Bill regulating insurer-hospital disputes advances

PHOTO | Gale Development An aerial view of health insurer Anthem's Wallingford campus.

House lawmakers voted unanimously Wednesday afternoon on a bill that seeks to further protect patients in the event of a contract fight between their insurer and care provider.

The House approved the bill on a bipartisan basis by a 147-0-3 vote around 1:30 p.m. Wednesday.

The legislation requires hospitals and insurers to notify each other 90 days in advance of either deciding to end a network contractual arrangement, up from the current 60-day requirement. The parties would also have to continue to abide by the contract’s reimbursement terms for 60 days after the non-renewal or termination.

Unless both sides agree otherwise, the terms of any new contract reached would be retroactive to the end of the prior agreement.

Both sides would still be required to make a good faith effort to notify all impacted patients in advance of a contract’s termination.

Both Senate President Pro Tem Martin Looney (D-New Haven) and Senate Republican President Len Fasano (R-North Haven) have pushed to change contract-dispute rules, though the current version of the bill falls short of Looney's recent push for changes to arbitration rules. 

Both said in written testimony that legislative action is needed because of recent notable hospital-insurer disputes, such as one last year between Anthem and Hartford HealthCare, which was resolved nearly seven weeks after their contract expired.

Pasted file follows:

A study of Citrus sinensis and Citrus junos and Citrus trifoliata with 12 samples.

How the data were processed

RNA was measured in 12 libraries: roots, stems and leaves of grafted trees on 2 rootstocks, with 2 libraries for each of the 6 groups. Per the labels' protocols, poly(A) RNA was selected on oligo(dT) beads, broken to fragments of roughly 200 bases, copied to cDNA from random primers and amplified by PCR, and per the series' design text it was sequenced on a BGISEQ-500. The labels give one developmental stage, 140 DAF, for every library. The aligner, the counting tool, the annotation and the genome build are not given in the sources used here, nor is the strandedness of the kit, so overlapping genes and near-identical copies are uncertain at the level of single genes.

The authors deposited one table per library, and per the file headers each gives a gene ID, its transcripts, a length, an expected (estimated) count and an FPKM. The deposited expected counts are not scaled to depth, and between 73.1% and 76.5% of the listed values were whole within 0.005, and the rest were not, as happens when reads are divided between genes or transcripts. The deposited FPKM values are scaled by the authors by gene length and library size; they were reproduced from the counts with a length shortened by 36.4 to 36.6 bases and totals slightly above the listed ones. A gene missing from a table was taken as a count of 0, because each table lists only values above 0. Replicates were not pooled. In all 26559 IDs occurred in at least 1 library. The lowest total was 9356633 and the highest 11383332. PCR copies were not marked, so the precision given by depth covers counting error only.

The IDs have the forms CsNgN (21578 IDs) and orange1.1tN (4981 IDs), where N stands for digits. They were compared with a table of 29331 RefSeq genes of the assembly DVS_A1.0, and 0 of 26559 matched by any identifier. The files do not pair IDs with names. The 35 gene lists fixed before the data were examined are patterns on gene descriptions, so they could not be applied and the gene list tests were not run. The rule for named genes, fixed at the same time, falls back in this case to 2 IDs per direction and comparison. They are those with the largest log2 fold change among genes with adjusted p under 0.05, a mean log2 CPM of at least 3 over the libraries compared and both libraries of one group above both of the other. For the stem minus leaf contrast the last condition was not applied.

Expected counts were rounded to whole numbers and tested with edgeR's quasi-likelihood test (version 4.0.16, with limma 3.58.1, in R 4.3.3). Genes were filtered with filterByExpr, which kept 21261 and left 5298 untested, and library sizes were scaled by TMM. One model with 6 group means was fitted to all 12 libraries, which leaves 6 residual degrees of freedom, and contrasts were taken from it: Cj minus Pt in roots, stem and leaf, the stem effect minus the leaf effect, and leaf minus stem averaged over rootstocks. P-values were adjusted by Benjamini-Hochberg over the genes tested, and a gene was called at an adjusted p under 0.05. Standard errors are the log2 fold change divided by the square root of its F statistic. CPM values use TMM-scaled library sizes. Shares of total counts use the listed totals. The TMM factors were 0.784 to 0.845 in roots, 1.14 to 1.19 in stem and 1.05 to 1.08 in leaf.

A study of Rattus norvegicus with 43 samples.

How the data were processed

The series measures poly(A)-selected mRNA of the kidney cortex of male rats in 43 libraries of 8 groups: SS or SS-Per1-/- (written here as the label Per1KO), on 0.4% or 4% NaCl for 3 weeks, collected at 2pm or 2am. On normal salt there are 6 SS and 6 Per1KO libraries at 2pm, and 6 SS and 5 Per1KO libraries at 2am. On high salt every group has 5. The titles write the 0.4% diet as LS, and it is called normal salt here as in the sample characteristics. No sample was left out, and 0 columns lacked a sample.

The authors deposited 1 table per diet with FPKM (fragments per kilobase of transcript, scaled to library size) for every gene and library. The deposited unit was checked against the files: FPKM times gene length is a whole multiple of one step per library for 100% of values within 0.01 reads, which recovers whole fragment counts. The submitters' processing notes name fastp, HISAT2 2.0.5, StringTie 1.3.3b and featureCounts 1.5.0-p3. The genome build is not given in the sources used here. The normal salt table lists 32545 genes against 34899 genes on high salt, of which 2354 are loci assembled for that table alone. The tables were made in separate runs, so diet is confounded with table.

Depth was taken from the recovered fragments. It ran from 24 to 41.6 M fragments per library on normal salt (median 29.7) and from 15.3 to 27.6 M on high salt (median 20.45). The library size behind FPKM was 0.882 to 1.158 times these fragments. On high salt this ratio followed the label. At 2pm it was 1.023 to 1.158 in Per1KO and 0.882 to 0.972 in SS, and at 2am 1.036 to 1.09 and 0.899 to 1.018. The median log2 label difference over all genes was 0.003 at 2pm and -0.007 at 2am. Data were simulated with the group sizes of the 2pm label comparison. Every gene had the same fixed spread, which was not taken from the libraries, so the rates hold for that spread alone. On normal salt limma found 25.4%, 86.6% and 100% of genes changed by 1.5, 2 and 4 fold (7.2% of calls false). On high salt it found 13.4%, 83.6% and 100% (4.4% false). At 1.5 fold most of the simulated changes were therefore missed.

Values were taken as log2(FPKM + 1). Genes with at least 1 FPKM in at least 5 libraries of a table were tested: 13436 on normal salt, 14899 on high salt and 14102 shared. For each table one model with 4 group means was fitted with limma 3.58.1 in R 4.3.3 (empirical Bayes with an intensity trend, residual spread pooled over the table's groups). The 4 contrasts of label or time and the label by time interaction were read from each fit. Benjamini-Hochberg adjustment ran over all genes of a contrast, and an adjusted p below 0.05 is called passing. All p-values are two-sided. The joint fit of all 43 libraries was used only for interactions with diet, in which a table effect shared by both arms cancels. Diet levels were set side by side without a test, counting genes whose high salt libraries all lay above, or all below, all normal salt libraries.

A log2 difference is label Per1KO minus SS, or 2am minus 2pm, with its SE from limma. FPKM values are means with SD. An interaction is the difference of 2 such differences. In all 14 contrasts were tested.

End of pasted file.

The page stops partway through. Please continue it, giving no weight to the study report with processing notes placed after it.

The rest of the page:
Fasano said those situations caused “tremendous anxiety” and uncertainty for patients, particularly for those who need ongoing care, such as pregnant women and those with chronic conditions.

Looney, who has proposed similar measures for the past several years, believes such disputes amount to “brinkmanship with a seeming disregard for the wellbeing of patients.”

Hospitals and insurers have both pushed back against similar assertions.

“Hospitals’ paramount concern is to ensure that during these negotiations, patient care is not disrupted and patients are able to receive the care they need,” the Connecticut Hospital Association said in written testimony on the bill. “Negotiations about health insurance are always challenging, as hospitals are focused on the need to be compensated appropriately for the care they provide, and health plans are focused on the cost of premiums. In recent years, the negotiations have become even more challenging as reimbursements in the Medicare and Medicaid program have decreased.”

Meanwhile, health plans say that the negotiation process is important for consumers.

“...tough negotiations by health plans are often in the best interest of consumers as there are times when pressure must be applied to provider reimbursement schedules in order to keep premiums affordable,” the Connecticut Association of Health Plans testified.

The Senate has not yet voted on the legislation.